As the market for high-end smartphones nears saturation, here's something else that'll soon reach overdose levels: product announcements.
Next month will be jam-packed with mobile and wearable device debuts. Samsung Electronics is expected to unveil the Galaxy Gear, a wristwatch-like device, and Note 3 on Sept. 4, according to Bloomberg News. The same day, Sony is expected to show off its latest Xperia handset, featuring imaging sensors used in TVs and cameras.
Those announcements will try to steal some of the spotlight away from Apple, which is expected to release new iPhones and iPads on Sept. 10, according to a person familiar with the matter. All of this comes as Apple's share of the tablet market in China, the company's largest market outside the U.S., plunged in the second quarter.
This battle of the product launches was the most popular global tech story this week.
Here are the other top articles:
As a wounded Microsoft limped to this week's video-game convention in Germany to plead its case for the Xbox One, Sony stormed the event, showcasing its Playstation 4 content and partnerships geared toward Europeans. The Japanese company didn't miss the opportunity to twist the knife into Microsoft, which had made some big missteps. The company lost points with gamers last week when it announced that the new Xbox won't actually make it to eight European countries this year as promised.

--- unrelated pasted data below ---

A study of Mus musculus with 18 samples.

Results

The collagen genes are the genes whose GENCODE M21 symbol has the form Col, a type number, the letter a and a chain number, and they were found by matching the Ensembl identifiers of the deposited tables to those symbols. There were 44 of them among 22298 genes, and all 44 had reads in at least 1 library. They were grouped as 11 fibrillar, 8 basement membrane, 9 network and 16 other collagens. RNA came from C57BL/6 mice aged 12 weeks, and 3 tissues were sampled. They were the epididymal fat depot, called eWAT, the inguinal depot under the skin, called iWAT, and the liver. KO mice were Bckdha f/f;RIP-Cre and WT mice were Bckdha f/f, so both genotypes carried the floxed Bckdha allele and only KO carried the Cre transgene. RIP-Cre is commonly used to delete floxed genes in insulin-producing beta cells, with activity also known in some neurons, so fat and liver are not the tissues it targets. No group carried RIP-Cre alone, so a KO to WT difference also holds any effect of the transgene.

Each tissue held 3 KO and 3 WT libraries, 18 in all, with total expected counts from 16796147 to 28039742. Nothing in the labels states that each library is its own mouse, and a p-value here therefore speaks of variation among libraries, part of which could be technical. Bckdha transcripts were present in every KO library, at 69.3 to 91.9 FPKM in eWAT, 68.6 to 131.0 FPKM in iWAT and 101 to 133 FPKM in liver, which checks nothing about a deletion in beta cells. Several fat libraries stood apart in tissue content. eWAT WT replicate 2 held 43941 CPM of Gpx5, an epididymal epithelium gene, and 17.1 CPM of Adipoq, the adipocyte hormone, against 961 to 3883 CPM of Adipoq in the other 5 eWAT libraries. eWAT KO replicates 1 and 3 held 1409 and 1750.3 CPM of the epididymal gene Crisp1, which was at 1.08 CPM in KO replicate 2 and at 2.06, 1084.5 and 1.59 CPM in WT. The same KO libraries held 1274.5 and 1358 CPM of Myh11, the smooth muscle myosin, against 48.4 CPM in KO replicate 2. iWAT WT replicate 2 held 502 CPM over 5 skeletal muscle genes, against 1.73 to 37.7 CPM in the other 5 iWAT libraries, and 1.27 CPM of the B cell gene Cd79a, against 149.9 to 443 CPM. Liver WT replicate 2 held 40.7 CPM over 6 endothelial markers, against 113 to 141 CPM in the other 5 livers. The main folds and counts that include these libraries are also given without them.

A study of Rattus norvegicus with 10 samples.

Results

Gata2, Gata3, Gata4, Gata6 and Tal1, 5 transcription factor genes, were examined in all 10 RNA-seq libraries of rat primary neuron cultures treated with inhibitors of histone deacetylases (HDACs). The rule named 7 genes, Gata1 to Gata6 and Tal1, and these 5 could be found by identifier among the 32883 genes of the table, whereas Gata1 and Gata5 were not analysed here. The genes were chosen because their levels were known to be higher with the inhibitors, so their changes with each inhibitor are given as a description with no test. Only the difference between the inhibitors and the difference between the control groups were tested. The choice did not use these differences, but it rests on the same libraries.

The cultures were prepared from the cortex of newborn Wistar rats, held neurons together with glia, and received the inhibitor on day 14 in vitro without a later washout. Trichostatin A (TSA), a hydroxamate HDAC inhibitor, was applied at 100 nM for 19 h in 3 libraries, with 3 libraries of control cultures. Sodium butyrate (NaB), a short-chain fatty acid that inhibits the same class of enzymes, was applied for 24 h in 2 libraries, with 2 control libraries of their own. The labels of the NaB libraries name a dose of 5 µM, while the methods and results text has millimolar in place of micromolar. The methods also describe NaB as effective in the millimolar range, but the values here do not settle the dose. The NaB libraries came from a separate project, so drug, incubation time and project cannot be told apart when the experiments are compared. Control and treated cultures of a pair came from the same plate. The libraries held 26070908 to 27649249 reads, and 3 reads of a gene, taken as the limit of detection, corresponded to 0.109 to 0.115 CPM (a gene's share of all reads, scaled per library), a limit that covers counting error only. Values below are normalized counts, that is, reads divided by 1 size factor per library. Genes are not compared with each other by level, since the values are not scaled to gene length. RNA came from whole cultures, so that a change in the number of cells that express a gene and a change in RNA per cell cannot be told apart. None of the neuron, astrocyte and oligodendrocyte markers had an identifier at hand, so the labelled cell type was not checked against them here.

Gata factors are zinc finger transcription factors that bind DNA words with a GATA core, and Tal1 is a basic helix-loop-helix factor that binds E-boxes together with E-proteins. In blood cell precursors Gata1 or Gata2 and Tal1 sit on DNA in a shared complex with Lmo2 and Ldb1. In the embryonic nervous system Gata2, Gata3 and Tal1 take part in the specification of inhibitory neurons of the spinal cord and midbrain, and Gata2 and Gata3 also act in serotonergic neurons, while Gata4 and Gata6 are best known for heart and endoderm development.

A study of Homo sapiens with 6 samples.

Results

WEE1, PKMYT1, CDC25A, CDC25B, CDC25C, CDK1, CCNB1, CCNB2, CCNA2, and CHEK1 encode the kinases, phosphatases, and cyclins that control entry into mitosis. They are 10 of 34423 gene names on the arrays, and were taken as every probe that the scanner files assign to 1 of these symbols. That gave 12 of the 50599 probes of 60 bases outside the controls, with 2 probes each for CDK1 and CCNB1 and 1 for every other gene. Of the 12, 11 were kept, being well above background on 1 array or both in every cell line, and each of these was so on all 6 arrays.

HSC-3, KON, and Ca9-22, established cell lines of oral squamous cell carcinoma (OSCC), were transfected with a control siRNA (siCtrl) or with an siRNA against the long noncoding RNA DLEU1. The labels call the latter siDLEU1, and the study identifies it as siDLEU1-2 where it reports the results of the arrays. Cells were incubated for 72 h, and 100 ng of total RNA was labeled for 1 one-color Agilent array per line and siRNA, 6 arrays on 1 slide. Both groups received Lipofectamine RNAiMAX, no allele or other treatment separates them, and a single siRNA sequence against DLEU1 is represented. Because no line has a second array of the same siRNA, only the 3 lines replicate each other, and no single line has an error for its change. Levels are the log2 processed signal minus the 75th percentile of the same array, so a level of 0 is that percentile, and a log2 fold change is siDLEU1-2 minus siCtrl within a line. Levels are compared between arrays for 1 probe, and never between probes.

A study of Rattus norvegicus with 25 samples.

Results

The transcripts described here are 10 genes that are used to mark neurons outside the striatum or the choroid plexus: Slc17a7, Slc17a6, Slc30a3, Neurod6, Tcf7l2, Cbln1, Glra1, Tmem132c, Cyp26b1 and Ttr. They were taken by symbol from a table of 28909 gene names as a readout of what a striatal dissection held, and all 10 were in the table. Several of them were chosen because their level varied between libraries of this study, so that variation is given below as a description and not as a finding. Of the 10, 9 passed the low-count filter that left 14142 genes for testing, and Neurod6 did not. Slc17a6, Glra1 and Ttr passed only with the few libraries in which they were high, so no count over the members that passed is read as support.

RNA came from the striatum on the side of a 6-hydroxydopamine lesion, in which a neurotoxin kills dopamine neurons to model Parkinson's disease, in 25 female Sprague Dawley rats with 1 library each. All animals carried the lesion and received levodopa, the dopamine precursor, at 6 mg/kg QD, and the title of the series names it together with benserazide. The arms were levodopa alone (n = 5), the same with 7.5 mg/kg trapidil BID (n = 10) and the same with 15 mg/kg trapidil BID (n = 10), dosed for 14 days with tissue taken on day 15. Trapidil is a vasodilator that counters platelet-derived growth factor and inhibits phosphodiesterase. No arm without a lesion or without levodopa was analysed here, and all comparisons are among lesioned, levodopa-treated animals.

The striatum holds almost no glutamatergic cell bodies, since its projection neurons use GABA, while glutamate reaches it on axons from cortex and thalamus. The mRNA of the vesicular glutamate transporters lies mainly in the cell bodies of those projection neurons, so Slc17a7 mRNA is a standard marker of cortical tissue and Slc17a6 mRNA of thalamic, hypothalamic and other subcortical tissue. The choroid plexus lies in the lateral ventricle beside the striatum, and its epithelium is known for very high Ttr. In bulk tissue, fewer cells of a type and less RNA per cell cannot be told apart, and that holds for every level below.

The Bitcoin craze is reaching new heights in China as a growing number of investors there have put the country into contention with the U.S. as the biggest downloader of the virtual money. While intensified scrutiny by U.S. regulators casts doubt on the currency’s future there, China’s Bitcoin industry is expanding.
BlackBerry's withering smartphone business means potential acquirers will pick over its more alluring assets, including software and patents, which together may be worth about $5 billion, roughly in line with the company’s current market value.
As the fate of the H-1B visa program rests with the U.S. Congress, a lot of Indians -- at least 168,367 of them -- are losing sleep over proposed changes to the guest worker rules. That's the number of Indians whose H-1B visa petitions were approved in the year ending in September 2012, according to a recent report by the U.S. Department of Homeland Security.